Genes in living cells are activated – or not – by proteins called transcription factors. The mechanisms by which these proteins activate certain genes and deactivate others play a fundamental role in many biological processes. However, these mechanisms are extremely complex and scientists have been spending years trying to unlock their secrets.
Scientists usually study gene expression by introducing specific DNA sequences into cells and observing how the cells react. But this labor-intensive method is complicated and can vary from one experiment to the next. In an important step forward, scientists at EPFL’s Laboratory of Biological Network Characterization (LBNC), headed by Sebastian Maerkl, have developed a quantitative, replicable method for studying and even predicting gene expression. It uses a cell-free system in combination with a high-throughput microfluidic device. Their work allowed them to build a synthetic biological logic gate that could one day be used to modify cellular functions. The research has been published in PNAS.
Microchannels and cell-free processes
Nadanai Laohakunakorn, a coauthor of the study, explains how the method works: “First we extract material from inside the cells. This ‘cell-free’ system consists of enzymes and chemicals that the cells use to carry out their normal biological processes. Interestingly, we can restart gene expression outside the cell by feeding the extract with fuel and information, in the form of high-energy phosphates and DNA. Because the process closely mimics what happens in living cells, we can use our platform to investigate a range of biological phenomena without having to modify living cells each time.”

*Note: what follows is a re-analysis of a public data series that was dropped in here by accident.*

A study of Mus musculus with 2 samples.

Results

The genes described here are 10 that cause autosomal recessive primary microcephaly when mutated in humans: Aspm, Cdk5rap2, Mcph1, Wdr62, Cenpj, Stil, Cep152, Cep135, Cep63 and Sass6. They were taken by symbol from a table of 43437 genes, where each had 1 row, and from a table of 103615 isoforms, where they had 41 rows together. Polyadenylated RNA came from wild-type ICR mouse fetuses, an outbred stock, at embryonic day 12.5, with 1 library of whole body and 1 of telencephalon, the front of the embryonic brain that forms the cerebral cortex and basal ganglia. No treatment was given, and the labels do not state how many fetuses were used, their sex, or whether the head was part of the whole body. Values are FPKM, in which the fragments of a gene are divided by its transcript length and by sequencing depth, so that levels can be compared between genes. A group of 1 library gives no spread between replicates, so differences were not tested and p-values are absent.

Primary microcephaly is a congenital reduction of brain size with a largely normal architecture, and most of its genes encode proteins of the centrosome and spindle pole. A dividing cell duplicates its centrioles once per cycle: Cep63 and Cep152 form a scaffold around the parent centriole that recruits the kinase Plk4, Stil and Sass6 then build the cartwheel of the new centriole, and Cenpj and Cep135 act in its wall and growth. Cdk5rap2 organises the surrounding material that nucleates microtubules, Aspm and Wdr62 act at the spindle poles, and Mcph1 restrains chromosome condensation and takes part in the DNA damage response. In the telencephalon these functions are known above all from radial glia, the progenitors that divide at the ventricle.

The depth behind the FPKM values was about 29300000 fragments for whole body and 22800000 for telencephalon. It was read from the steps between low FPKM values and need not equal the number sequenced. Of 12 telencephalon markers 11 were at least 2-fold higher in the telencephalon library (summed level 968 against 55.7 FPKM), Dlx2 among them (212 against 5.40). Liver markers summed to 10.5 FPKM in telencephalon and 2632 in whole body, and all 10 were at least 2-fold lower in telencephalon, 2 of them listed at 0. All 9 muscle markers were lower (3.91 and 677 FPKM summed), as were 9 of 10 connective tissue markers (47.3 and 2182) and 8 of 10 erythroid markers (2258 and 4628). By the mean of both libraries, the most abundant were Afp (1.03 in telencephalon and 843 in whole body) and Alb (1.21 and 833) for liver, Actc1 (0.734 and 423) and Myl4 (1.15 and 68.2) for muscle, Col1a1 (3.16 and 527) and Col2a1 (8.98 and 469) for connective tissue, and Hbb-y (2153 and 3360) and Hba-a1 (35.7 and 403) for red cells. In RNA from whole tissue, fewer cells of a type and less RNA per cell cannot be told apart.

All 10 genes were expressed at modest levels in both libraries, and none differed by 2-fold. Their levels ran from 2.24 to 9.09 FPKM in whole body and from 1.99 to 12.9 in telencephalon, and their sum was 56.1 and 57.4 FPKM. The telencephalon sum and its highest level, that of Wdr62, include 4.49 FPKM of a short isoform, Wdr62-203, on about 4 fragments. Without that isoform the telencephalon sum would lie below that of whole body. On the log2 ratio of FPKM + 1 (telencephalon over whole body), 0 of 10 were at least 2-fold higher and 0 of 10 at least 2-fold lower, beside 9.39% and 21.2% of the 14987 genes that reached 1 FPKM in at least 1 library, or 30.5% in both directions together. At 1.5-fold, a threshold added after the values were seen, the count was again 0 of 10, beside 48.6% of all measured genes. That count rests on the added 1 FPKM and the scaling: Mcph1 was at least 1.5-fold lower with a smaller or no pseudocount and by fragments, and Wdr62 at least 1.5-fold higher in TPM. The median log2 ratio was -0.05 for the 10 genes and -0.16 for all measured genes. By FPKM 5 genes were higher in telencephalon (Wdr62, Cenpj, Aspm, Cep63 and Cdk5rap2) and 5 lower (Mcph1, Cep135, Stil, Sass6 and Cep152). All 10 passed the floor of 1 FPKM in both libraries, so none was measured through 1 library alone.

For their quantitative study of gene expression, the scientists examined thousands of cell-free reactions on a microfluidic chip – that is, a device used to manipulate microscopic quantities of liquid. “We were able to test several different scenarios and build a quantitative library of synthetic transcription factors, which allowed us to predict the influence of a given protein on a gene,” says Zoe Swank, another coauthor of the study. “Our method can be extended to build fairly complicated systems.”
The scientists’ method has several advantages. First, cell-free systems can imitate systems within cells, yet they are much simpler, and their mechanisms can be modeled mathematically. This means that they can help contribute to understanding more complex biological phenomena by breaking them down into simpler pieces.
Second, cell-free systems are robust and remain stable after freezing (and even freeze-drying), which allows them to be produced on a large scale and deployed in applications from low-cost diagnostics to the on-demand production of biologics – such as vaccines – for personalized medicine. And third, because they are not alive, cell-free systems can be used to produce compounds that go beyond the scope of traditional biomanufacturing methods. And they pose no risk of self-replication or biocontamination outside the laboratory environment.
A biological logic gate
As part of their study, the researchers assembled a number of genes from their library to construct a biological logic gate. In electronics, a logic gate takes an input of electronic signals, performs a computation, and generates a binary output: one or zero. Similarly, the scientists’ biological logic gate takes an input of transcription factors and generates a binary output: the gene is either on (activated) or off (repressed).
“Numerous logic gates exist naturally within living cells, which use them to regulate normal biological function,” says Laohakunakorn. “By building artificial gates, we gain the ability to introduce new functions into cells for therapeutic purposes, for example. The cell-free system is a first step in this direction, and future work could involve optimizing the design of our transcription factors using the platform, before deploying them directly in a cell-free application, or reintroducing them back into living cells.”